Gary S. Becker and His Theory of the Allocation of Time

In this post, I put together my favourite photo of Becker and the most seminal work he had contributed to the literature together in remembrance of him – one of the most influential economists and social scientists in the past 50 years. In Milton Friedman’s words –

“Gary Becker is the Greatest Social Scientist Who Has Lived and Worked in the Last Half Century.”

Although Becker has passed away in 2014, his life, work, character, and contributions remain to be a rich source of information, inspiration, a legendary example, and guiding principles for many economists and social scientists to follow.

Definitely, I am one of his followers.

In an introduction to Becker’s Theory of the Allocation of Time, author James Heckman, a distinguished professor in University of Chicago, also a Nobel laureate wrote in the beginning –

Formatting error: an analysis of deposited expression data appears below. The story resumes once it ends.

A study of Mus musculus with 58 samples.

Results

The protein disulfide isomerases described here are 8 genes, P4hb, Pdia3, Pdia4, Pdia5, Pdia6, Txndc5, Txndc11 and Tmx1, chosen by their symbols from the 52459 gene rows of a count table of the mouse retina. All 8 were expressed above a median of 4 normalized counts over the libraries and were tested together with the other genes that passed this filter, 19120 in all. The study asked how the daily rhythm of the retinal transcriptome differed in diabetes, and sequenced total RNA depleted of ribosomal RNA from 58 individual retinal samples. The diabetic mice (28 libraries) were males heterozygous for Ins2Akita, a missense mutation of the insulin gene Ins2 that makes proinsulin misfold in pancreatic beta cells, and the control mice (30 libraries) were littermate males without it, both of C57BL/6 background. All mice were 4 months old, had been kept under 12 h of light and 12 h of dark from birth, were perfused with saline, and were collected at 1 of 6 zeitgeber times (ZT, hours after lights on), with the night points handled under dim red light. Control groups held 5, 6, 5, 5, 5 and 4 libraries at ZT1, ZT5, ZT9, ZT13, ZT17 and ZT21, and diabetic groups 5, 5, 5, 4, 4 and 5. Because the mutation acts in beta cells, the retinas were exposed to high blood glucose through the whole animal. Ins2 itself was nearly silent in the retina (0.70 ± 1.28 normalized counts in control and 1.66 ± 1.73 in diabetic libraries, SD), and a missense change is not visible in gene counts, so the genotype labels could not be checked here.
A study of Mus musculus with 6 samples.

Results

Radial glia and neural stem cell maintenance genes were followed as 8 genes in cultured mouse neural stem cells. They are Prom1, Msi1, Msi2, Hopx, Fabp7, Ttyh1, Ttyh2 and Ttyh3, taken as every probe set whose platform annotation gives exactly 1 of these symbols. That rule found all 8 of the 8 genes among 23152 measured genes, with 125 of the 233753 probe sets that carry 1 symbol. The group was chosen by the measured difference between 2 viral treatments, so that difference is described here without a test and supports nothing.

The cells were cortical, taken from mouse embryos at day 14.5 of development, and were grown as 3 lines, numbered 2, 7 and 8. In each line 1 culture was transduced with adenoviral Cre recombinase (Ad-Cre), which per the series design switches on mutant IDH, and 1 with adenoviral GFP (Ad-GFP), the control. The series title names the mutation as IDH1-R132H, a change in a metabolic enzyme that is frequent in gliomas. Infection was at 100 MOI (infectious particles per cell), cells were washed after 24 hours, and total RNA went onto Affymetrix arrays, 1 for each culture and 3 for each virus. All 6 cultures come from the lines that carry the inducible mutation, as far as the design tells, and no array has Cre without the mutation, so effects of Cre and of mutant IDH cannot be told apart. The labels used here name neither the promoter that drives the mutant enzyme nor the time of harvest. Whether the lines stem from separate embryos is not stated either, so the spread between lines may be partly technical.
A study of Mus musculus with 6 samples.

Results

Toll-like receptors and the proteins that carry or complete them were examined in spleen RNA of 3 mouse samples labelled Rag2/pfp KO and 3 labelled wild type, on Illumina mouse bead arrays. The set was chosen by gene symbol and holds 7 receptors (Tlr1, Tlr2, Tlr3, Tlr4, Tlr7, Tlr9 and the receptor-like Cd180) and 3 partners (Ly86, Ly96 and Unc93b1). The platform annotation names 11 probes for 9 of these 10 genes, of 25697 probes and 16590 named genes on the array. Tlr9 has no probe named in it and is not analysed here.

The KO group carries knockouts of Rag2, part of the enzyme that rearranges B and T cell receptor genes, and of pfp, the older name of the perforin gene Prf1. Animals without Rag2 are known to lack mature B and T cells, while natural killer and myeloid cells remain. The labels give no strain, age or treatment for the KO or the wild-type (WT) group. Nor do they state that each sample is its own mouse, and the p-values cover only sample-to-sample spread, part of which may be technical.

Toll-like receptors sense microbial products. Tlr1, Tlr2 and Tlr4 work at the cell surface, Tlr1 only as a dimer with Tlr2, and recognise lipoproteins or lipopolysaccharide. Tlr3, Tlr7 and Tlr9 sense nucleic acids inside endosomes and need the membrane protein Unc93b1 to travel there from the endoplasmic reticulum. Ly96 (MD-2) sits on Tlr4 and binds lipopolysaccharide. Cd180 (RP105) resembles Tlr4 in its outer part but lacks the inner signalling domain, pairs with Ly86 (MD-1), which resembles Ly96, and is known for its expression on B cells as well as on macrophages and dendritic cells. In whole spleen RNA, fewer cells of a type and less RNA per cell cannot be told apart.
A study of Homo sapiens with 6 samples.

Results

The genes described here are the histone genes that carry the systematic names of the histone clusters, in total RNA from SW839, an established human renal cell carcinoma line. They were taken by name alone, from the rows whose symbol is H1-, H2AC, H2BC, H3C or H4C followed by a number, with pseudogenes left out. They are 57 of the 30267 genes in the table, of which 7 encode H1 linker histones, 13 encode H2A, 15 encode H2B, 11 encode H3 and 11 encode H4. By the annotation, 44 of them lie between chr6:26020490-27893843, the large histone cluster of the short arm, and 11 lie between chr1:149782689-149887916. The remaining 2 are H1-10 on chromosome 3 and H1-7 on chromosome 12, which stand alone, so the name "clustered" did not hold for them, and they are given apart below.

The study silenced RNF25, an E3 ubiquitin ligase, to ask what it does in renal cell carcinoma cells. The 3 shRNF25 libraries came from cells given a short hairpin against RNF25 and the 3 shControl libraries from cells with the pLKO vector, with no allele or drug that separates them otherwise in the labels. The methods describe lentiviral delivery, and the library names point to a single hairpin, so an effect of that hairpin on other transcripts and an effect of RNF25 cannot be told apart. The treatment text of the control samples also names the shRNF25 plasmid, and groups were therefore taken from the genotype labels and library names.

Gary Becker’s classic study, ‘A theory of the allocation of time’, laid the analytical foundations for the study of household production and the allocation of time within the household. It spawned a large literature and continues to influence economics and other social sciences.

If you are interested in health economics, you probably have heard of Michael Grossman and his contribution. The formulation of his model “On the Concept of Health Capital and the Demand for Health.” was largely drew from Becker’s human capital theory. I will talk about Michael Grossman’s work in a later post.

To read about Becker’s life and what makes him the Greatest Social Scientist, please refer to “A private note on Gary Becker” from James Heckman.



Ph.D. in Economics with interests in Life Science, Behavioral Science, Health Economics Evaluation and Health Technology Assessment. Executive MBA student at The University of Chicago Booth School of Business in Hong Kong, graduating in 2020.